Aims: To explore how young people continue to access cigarettes following an increase of the age of sale to 18 years and the implications for future smoking prevention policy and practice.
Design: Qualitative study using 14 focus groups.
Setting: Schools and community projects in disadvantaged areas of Birmingham, UK.
Participants: Eighty-five smokers and non-smokers aged 12-15 years.
Measurements: Focus group topic guides.
Findings: While young people did use social sources to access cigarettes, most obtained cigarettes from small local shops. Smoking and non-smoking participants knew which shops sold to underage children and what strategies to employ, suggesting a widespread acceptance of underage sales in some communities. Some young people bought directly from retailers, reporting that the retailers did not ask for identification. Some young people reported that retailers were complicit, knowingly selling to underage smokers. Young people waited outside shops and asked strangers to buy them cigarettes (proxy sales). Young people expressed cynicism about some shopkeepers' motives, who they believed knew that they were selling to under-18s, but did not care as long as they made a profit.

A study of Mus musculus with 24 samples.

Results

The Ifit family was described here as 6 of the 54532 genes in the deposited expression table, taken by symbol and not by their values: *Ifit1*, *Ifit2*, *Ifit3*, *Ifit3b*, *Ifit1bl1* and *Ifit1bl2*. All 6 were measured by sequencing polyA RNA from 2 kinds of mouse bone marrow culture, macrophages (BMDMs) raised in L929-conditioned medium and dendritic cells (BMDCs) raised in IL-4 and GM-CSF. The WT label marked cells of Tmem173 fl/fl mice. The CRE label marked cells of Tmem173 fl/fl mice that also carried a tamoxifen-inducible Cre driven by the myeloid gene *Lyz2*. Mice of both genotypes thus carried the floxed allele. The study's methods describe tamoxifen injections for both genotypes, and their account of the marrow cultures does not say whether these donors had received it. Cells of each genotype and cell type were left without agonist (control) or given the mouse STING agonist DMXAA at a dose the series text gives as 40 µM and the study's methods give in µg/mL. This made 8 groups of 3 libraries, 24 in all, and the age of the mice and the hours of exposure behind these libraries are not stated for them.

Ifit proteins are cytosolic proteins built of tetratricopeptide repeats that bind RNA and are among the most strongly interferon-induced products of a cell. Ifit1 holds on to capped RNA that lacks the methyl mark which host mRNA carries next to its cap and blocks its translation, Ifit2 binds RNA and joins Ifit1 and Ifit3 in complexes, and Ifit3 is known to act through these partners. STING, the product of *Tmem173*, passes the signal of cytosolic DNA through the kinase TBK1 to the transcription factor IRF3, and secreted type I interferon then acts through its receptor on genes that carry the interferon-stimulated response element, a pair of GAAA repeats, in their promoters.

Conclusions: The ban in selling cigarettes to those under 18 in the United Kingdom appears to be easily circumvented, and one important route appears to be 'proxy sales' in which young people approach strangers outside retailers and ask them to purchase cigarettes on their behalf.
© 2010 The Authors, Addiction © 2010 Society for the Study of Addiction.